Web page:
The Prague Post recently reviewed The Ghosts of Europe by Anna Porter, finding it lacking in depth and conclusive arguments. Porter is certainly not the first author to try her pen at capturing the spirit of the Continent in writing. Here are a few selections from the work of poets, essayists and fiction writers who successful describe the genius loci of Europe in their era.
“Zone” by Guillaume Apollinaire: The French poet and art critic Guillaume Apollinaire, a harbinger of surrealism and the inventor of that term, published “Zone” in 1912, a poem that signaled European – or at least French – poetry’s leap into modernity. The poem’s use of what would come to be known as surrealist imagery, its associative leaps and its lack of punctuation would become key stylistic traits for the surrealists. Apollinaire’s inclusion of the capital of Bohemia – a city he had visited in 1902 – would pave the way for poetic relations between Prague and Paris. The poem is a wide-ranging romp around Europe, from Prague to Paris to Marseilles and back again, at a decisive moment in the Continent’s political and literary history.
Holocaust By Charles Reznikoff: This American poet, who is considered among the Objectivists, created this harrowing poem from the U.S. governments transcripts of the Nuremberg Trials. First person accounts from survivors of the death camps are woven together in a pastiche that is cold, calculated and terrifying. In composing the poem Reznikoff used not a single original word; instead he allows the victims to speak for themselves and in so doing brings the horror of the Holocaust to a rhetorical apogee that had been previously available to few – especially American – readers.
Europe, Europe by Hans Magnus Enzensberger: Originally published in German in 1987 and translated into English two years later, this is a series of essays about the state of Europe in the 1980s, as many countries were on the cusp of revolution. The book covers wide ground, literally, as Enzensberger’s in depth explorations carry him from Sweden to Italy and almost everywhere in between. Each of the seven chapters covers one country Enzensberger visited at length, and the final chapter “The Seacoast of Bohemia, 2006″ is an imaginary journey to Central Europe in a future which was quite accurately predicted. But Europe, Europe is more than a travel guide. The book’s subtitle, “Forays into a Continent,” accurately categorizes the nature of Enzensberger’s physical and intellectual journey. Each chapter presents a series of personal insights into the country under investigation, and Enzensberger seems always to rub elbows with fascinating people, from Swedish intellectuals on the eve of elections to the young Portuguese historian in a murky wine bar. Whether these people actually exist, or are simply character constructs for Enzensberger’s ideas, is besides the point.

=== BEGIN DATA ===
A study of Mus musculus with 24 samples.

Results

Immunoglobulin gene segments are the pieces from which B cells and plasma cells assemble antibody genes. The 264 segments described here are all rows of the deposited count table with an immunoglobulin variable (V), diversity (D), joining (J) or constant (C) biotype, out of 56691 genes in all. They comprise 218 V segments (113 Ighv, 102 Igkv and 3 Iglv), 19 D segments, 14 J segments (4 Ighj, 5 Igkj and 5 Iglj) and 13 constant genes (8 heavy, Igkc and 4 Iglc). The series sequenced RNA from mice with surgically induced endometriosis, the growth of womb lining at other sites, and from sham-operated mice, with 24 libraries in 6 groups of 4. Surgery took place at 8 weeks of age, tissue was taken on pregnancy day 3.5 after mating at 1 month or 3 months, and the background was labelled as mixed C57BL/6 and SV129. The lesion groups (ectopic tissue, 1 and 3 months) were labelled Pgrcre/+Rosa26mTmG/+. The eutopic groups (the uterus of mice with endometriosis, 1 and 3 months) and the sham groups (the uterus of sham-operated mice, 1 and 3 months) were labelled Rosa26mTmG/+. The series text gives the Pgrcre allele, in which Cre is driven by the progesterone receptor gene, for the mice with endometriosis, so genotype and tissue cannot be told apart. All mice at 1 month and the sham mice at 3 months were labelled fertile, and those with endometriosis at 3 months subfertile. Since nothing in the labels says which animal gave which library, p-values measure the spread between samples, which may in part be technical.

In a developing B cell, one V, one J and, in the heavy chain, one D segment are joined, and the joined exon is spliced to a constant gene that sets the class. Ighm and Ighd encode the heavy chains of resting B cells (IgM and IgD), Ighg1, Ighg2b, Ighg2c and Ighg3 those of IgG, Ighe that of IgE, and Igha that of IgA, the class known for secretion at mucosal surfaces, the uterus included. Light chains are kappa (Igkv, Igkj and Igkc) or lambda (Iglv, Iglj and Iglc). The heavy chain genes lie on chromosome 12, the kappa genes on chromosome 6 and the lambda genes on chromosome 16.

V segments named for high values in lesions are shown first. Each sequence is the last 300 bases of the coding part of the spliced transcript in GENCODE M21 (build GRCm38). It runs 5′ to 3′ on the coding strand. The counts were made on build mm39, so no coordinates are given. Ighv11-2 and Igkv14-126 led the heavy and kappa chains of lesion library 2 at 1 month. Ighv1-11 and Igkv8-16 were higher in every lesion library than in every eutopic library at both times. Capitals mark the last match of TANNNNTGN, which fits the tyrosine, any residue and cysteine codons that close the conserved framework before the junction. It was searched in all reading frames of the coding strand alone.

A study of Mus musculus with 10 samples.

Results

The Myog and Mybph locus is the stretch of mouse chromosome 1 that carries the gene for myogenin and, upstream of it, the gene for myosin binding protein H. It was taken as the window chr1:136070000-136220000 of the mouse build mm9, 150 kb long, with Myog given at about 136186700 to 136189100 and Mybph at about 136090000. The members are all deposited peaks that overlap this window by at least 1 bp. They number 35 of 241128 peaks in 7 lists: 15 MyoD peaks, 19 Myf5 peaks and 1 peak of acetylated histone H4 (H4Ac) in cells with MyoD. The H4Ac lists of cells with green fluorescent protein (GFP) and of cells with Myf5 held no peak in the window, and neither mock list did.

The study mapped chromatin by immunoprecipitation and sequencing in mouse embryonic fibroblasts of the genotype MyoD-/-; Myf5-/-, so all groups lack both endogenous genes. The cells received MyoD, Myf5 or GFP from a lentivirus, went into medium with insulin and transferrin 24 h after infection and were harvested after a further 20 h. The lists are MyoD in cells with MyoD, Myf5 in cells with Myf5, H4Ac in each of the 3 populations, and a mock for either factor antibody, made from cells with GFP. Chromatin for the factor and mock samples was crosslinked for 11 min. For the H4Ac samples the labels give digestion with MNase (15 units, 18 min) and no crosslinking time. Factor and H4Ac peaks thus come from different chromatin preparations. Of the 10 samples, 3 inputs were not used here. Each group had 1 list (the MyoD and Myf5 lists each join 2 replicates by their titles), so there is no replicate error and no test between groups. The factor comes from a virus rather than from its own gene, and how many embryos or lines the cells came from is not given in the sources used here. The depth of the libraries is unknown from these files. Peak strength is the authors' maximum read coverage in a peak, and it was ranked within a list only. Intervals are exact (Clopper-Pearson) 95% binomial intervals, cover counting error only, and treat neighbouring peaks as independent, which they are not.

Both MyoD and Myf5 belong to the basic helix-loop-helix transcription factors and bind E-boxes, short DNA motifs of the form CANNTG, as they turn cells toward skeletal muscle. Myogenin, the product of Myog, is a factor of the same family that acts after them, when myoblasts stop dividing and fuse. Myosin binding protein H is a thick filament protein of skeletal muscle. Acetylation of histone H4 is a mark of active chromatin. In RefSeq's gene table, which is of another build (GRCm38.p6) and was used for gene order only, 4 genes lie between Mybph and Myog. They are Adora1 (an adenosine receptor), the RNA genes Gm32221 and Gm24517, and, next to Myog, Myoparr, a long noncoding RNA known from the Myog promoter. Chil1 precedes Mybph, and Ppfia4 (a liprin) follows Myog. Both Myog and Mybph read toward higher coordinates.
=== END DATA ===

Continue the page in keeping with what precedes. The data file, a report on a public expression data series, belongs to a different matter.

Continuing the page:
Case Closed By Patrik Ouředník: Case Closed narrates a few days in the lives of a small cast of characters, mainly Czech retirees. During the first few chapters, we are led to believe that Viktor Dyk, a elderly man with a penchant for making up “wise” quotes, is the protagonist. But when a rape and an old woman’s suicide – both of which are only glancingly referred to, rather than described – take place in the neighborhood, detective Vilem Lebeda and his investigation become the focal point of the story. Ouředník’s subject is twofold, with the novella’s mystery elements really more of a frame for the author, an opportunity or even motivation for Ouředník to write, rather than the real focus. Language is tested, explored and taunted throughout the novella, both in the characters’ lackadaisical and often pointless conversations, and in direct commentary from the narrator. At the same time, Ouředník takes potshots at the Czech national character, the country’s (lack of) progress since the fall of communism and its current place in the European Union.